Quick! What is the first impression you want to leave?
What do you want to be known for? This is your personal brand.
Are you sure your social media profile highlights what you want to be known for? Hmmm… How can you tell?
Most people struggle with this. Even people who should know better. I coach people on how to use social media to advance their careers. I use social media every day to advance my business. But I strive to stay on top of my personal and professional brand in the ever-changing social media environment.
I was having this conversation with my business colleague, Dan Toussant, recently. He said he thought it was odd that people kept approaching him on LinkedIn with coaching needs when he really wants to focus on recruiting and leave the coaching to me.
Was there something about his LinkedIn profile contributing to this confusion? Was there a way to maximize his profile to attract candidates and potential corporate clients to his profile?
It was time to look at Dan’s profile with new eyes. Follow along to see if these steps can help you maximize your profile too!
- What words will people use to describe the service you offer if they are looking for someone like you? These are “keywords” – the knowledge, skills, abilities and behaviors and perhaps the outcomes people will use to describe their need.
Dan wants two kinds of people to find him – people who could be candidates for positions Dan wants to fill in areas Dan specializes in like finance, operations and sales. He also wants to be attractive to executives who might hire him to fill positions in their companies.
Dan’s profile needs to highlight words those ideal people will use when they are looking for someone like Dan. He wants his brand to demonstrate that he specializes in: recruiter, search, finance, manufacturing, operations, and sales.
- How often do those words appear in your current profile? The words you use naturally represent who you are and become your brand. Plus, LinkedIn gives a big boost in search results to folks whose profiles mention their keywords more than 20 times. Those profiles more closely match the search criteria so they rise to the top.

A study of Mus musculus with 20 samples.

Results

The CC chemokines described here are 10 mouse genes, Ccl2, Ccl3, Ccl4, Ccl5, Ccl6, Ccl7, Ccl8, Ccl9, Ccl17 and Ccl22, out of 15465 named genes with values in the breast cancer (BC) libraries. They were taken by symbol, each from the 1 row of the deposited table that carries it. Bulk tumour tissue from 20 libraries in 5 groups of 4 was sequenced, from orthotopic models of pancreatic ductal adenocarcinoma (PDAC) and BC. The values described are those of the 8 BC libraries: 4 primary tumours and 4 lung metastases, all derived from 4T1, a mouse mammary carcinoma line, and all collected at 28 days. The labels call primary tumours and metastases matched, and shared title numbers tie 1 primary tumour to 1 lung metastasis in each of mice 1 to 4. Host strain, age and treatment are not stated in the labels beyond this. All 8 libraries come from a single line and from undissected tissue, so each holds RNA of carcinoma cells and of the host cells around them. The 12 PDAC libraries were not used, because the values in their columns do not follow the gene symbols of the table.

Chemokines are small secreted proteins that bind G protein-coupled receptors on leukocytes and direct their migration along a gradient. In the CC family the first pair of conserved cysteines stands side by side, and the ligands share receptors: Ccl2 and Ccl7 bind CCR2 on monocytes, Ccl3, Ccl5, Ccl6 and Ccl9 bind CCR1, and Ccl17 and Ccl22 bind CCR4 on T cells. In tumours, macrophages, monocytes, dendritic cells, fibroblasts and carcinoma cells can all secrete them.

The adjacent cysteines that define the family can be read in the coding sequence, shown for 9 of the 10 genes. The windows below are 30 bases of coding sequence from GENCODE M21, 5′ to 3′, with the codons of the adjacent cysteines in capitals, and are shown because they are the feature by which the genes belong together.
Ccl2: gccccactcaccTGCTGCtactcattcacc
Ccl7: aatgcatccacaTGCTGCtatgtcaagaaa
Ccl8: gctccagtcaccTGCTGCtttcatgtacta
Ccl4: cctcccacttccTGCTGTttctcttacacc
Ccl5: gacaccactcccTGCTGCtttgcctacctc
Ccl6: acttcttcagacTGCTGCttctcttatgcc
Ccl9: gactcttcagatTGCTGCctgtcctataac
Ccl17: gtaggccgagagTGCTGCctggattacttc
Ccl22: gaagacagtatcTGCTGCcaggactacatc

You want your profile to rise to the top, don’t you?
Dan’s profile had only one word that appeared over 20 times. You guessed it. The word “coach”. The only word that came close was “recruiter” at 18 times. No wonder people thought Dan was good at coaching!
- Find profiles for some folks who are successful doing what you do. What words do they use frequently? What impression do you get from their profile? What can you learn from their profiles that you can use in your profile?
We found four of Dan’s recruiter colleagues, some who were successful and some he thought were not successful. Monica is a successful medical sales recruiter. Her profile mentions sales 34 times, medical 22 times and recruiter at least 16 times. Her LinkedIn profile represents her professional brand very well.
Joan is not a very active recruiter, probably not terribly successful. Her profile has one keyword at 11 (supply chain) and no other words that appear more than 5 times. Her profile does not support her professional brand very much.
This gives Dan an idea of how to restructure his profile to be found with the brand he wants to portray.
- Now that you know your keywords, how can you rework your LinkedIn profile to add those words? The likely places to insert these keywords are in your headline, your profile summary, the descriptions for each job and the skills section. I even tucked a word into the description of my education. Dan has homework to make these changes!
Anyone can do this. Today I reworked a client’s profile summary. Jim’s keywords are respiratory, medical, devices, and sales. These are the words someone looking to hire Jim will use so these are the keywords we must put in his LinkedIn profile.
We measured how many times those keywords appeared in Jim’s profile then started reworking to increase his numbers. Simply by reworking the profile summary I added the word “respiratory” seven more times bringing the number up to 20! Now when people look at Jim’s LinkedIn profile they will think he is very good at respiratory device sales, supporting his personal and professional brand. That is what Jim wants!
Take another look at the ways you describe yourself in LinkedIn to see whether your social media profile supports your brand. Then start editing!